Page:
News: FOREX-Dollar steadies, yen pinned near 152


    The dollar was on the front foot on Wednesday, pinning the yen near its lowest its decades though the heightened threat of currency intervention by Tokyo capped further declines in the Japanese currency.

    The yuan CNY=CFXS was steady after a private-sector survey showed that China's services activity growth accelerated in March, in a sign sentiment was staging a tentative recovery in the world's second-largest economy.

    The yen JPY=EBS was last at 151.585 per dollar, languishing near last month's slump to 34-year lows of 151.975 in the wake of the Bank of Japan's historic policy shift.

    While the BOJ raised rates for the first time in 17 years, policymakers' commitment to go slow on further increases have hammered the yen especially given the still-wide Japan-U.S. yield gap.

    Japanese officials have carried on with their jawboning efforts for days now in a bid to defend the currency, with the overhanging threat of an intervention serving as stiff resistance for the greenback at the 152 yen level, which some market participants see as a line in the sand.

    "Any direct response to (yen) depreciation is more likely to come from the Ministry of Finance," said Morgan Stanley MUFG Securities strategist Koichi Sugisaki in a note.

    "We would not expect any unilateral JPY-supportive intervention to trigger more than a temporary decline in USD/JPY given that such action would say nothing about the future direction of monetary policy. That said, we do see potential for intervention to trigger sharper-than-usual falls."

    Elsewhere, the euro EUR=EBS rose 0.02% to $1.0772, standing some distance away from an over one-month low hit in the previous session, after the U.S. dollar ran into some profit-taking late overnight.

    Sterling GBP=D3 slipped 0.08% to $1.25675. The dollar, which on Tuesday touched a nearly five-month high of 105.10 against a basket of currencies, was last steady at 104.76 =USD .

    The greenback's charge higher this week has come on the back of yet another run of resilient U.S. economic data, which showed manufacturing growing for the first time in 1-1/2 years in March, a greater-than-expected rebound in new orders for U.S.-manufactured goods, as well as a still-resilient labour market.

    "Markets have generally scaled back their expectations for FOMC rate cuts in recent weeks, given the strength of the U.S. economic data and pushback from FOMC officials," said Carol Kong, a currency strategist at Commonwealth Bank of Australia (CBA).

    "I think the dollar will hold up pretty well in the near term, and that will be a headwind for the other major currencies."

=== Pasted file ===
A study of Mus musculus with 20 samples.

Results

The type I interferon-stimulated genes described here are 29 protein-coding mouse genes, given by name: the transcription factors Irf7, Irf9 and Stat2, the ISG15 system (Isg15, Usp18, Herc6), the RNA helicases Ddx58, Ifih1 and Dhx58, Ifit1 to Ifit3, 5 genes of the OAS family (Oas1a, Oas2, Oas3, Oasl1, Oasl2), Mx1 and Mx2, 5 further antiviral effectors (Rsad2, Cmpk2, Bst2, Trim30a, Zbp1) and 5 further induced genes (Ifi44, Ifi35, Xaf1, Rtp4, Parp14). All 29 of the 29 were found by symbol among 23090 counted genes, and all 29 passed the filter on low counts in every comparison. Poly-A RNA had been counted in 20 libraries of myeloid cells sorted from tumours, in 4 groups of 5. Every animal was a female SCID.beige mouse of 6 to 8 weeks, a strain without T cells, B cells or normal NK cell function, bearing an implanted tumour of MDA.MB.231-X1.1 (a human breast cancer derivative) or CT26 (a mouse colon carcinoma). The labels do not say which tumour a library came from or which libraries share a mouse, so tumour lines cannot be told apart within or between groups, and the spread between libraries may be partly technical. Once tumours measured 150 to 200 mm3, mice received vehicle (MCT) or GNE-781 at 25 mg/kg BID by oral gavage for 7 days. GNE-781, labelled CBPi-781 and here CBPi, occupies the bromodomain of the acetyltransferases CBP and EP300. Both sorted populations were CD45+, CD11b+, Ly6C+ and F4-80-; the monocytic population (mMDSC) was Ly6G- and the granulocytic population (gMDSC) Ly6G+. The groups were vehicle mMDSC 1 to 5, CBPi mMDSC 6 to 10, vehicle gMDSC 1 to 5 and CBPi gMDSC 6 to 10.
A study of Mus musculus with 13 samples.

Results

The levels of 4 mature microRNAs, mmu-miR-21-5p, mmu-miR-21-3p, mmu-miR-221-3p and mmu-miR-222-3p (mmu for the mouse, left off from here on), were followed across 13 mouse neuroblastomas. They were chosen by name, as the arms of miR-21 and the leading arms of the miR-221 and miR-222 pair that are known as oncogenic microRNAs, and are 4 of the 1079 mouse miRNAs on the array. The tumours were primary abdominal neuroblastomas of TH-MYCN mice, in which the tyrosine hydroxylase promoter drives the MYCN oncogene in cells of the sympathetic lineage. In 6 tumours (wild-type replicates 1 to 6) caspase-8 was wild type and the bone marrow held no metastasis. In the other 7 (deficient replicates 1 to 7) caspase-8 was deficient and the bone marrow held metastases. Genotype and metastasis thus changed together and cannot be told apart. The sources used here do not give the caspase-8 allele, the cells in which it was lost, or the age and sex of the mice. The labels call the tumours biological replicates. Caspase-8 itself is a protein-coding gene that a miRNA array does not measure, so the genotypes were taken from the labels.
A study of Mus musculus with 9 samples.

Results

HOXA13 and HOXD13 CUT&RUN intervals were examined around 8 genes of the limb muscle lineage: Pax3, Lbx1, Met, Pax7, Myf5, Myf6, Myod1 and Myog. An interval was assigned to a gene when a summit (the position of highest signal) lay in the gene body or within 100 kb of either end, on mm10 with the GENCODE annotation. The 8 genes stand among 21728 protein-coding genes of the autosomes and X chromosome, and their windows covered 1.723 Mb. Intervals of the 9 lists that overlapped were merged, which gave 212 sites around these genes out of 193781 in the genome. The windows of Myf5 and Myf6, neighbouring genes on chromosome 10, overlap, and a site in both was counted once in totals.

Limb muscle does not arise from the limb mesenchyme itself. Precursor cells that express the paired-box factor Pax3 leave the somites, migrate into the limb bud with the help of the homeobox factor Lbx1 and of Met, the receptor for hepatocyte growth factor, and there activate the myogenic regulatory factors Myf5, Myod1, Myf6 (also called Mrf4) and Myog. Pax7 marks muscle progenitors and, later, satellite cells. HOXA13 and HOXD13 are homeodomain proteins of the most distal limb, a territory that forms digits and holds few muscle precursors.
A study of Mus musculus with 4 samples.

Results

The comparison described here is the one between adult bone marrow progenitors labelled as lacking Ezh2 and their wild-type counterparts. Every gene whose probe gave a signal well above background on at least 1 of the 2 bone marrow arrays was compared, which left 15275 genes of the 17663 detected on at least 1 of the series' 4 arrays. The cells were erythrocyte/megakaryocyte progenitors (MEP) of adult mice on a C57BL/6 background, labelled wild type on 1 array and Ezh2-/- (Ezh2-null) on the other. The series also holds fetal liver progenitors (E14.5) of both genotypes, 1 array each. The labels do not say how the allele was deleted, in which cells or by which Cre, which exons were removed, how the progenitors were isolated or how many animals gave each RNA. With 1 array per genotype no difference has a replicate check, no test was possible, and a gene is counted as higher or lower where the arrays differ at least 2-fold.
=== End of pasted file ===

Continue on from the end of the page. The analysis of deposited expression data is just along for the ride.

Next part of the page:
Traders now expect just about 70 basis points worth of rate cuts by the Federal Reserve this year - less than the central bank's projections, with the start of an easing cycle only fully priced in for July. FEDWATCH

    Fed officials have also signalled that they are in no rush to ease rates.

    The Chinese yuan, which has been shaken by a resurgent greenback, last stood at 7.2341 per dollar in the onshore market CNY=CFXS , languishing near a 4-1/2-month low hit on Tuesday.

    Its offshore counterpart CNH=D3 slipped 0.03% to 7.2572 per dollar.

    The yuan's slide has come despite some brighter manufacturing data at home, including Wednesday's service sector release. A private survey showed earlier this week that China's manufacturing activity expanded at the fastest pace in 13 months in March, which followed equally upbeat official readings released over the weekend.

    The general view among analysts is that it is still too early to celebrate positive data outcomes as a protracted property sector crisis remains a major drag on the world's second-largest economy and investor confidence.

    "Market participants will still try to push CNH lower because of the economic headwinds facing the Chinese economy. Fundamentals still suggest that a weaker CNH is likely in the near term," said CBA's Kong.

    The Australian and New Zealand dollars, which are often used as liquid proxies for the yuan, have likewise come under pressure as a result of a stronger dollar and a weaker yuan.

    The Aussie AUD=D3 edged 0.12% lower to $0.65095, while the kiwi NZD=D3 eased 0.18% to $0.5959.